Asked whether the Gators should be ranked No. 7, Donovan shook his head and said, ''No, no, not even remotely close.''
Of course, Donovan expressed a similar sentiment about last year's team, just before Florida won 30 consecutive games, went undefeated in Southeastern Conference play and advanced to the Final Four for the fourth time in his 19-year tenure.
''And I was right,'' Donovan said. ''We were totally dysfunctional. Now, we evolved into a team and hopefully we can again.''
Florida gets its first chance to move in that direction Friday night in the season opener against William & Mary.
The Gators will be without center Chris Walker, suspended the first two games of the regular season for violating team rules. They also will be without forward Alex Murphy, who transferred from Duke in the middle of last season and must sit out the fall semester under NCAA rules. Guards DeVon Walker (knee) and Brandone Francis (academics) are expected to miss the entire season.
Donovan still has plenty of returning talent - point guard Kasey Hill, sharp-shooter Michael Frazier II and versatile forward Dorian Finney-Smith lead the way - but a totally different makeup from a year ago.
Last season's team relied on defense, with guard Scottie Wilbekin forcing tough shots on the perimeter and center Patric Young doing the same in the lane. Both graduated, along with fellow defensive-minded starters Casey Prather and Will Yeguete.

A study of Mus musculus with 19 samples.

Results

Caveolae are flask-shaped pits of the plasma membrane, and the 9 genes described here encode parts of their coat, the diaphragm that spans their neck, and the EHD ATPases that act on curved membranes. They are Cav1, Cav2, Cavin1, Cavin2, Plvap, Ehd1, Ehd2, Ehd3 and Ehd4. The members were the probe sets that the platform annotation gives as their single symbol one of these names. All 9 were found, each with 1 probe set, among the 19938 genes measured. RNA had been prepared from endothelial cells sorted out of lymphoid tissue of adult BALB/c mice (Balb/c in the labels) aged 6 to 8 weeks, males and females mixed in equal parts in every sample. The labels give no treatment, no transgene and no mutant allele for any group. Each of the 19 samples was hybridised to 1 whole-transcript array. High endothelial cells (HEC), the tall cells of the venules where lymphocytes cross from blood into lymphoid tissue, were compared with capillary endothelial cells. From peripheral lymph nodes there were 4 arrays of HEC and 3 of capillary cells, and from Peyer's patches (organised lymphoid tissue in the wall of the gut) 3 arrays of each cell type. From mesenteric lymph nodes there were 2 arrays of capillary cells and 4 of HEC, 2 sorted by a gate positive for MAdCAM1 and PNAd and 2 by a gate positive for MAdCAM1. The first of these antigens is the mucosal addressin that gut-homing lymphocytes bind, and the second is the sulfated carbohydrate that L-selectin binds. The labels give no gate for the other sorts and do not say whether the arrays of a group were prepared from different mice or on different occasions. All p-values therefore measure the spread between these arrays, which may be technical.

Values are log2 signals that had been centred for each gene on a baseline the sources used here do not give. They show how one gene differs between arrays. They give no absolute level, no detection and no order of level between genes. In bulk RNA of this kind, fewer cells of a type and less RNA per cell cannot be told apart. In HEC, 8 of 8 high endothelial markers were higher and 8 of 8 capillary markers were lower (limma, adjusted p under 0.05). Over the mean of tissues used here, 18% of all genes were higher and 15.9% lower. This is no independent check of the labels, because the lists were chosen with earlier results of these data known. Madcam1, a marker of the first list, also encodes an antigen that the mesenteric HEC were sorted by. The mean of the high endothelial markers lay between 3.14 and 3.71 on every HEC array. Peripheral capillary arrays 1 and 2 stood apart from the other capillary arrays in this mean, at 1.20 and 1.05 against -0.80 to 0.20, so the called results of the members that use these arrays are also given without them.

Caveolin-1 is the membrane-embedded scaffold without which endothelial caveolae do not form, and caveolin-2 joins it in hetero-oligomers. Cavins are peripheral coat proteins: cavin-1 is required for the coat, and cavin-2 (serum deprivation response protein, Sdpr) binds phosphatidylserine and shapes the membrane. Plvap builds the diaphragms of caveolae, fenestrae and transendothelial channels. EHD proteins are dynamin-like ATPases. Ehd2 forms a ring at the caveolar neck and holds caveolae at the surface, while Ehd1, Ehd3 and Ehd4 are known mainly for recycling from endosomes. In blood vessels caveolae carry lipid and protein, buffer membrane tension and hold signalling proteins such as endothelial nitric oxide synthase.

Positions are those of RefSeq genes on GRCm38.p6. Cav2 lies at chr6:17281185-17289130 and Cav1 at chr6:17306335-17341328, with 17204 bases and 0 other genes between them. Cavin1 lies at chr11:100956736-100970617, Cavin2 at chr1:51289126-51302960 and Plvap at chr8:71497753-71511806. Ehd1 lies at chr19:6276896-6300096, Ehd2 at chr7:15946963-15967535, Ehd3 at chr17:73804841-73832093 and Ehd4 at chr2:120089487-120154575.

The guys left behind don't have the same rim-protecting prowess, at least not through weeks of practice, an intrasquad game, a closed scrimmage against 15th-ranked VCU and an exhibition against Division II Barry.
According to Donovan, the Gators allowed 82 points in those three games, which included 1.15 points per possession, and gave up 48 percent shooting from behind the 3-point line.
''We're nowhere near where we need to be defensively,'' Donovan said. ''Just to put it in perspective, last year we gave up 59 (points a game). We've got a long, long, long way to go. Whether or not we can get there, time will tell.''
If players had any thoughts about picking up where they left off in April, when the season ended with a 63-53 loss to eventual national champion Connecticut in the Final Four, Donovan quickly stamped those out with constant conversations about the team's defensive problems.
Frazier said the Gators have taken ''major strides on the defensive end of the floor'' since beating Barry 79-70 last week, pointing to improvements in communication and discipline.
''We've got a lot of talent. We're scoring points. But I think, myself included, we have to focus more on the defense end,'' Frazier said. ''We understand there are a lot of things to get better at, and right now, all we're focused on is just getting better every day, not about the future, not worrying about the past, just staying in the moment, focusing on what we can control.''
A big challenge comes Monday against Miami.
''Guys from last year know what a really good defensive team looks like, and we're not quite there,'' Donovan said. ''The expectations, to me, in a lot of ways - and I think our guys understand this - have been given to them based on what's happened in the past.''
Friday's opener doesn't figure to be easy, either. William & Mary was picked to finish second in the Colonial Athletic Association's preseason poll, and has the conference's preseason player of the year in guard Marcus Thornton.
The Tribe lost six seniors from a team that went 20-12 and was seconds away from the first NCAA tournament appearance in school history before giving up a late layup and falling 75-74 to Delaware in the CAA championship game.
But Thornton, the conference's leading returning scorer after averaging 18.7 points, and sophomore Omar Prewitt (11.4 points per game) are expected to shoulder much of the offensive load.
William & Mary led eventual No. 1 seed Wichita State at halftime last Nov. 14 before falling 79-62. This will be the first meeting between the Tribe and Gators.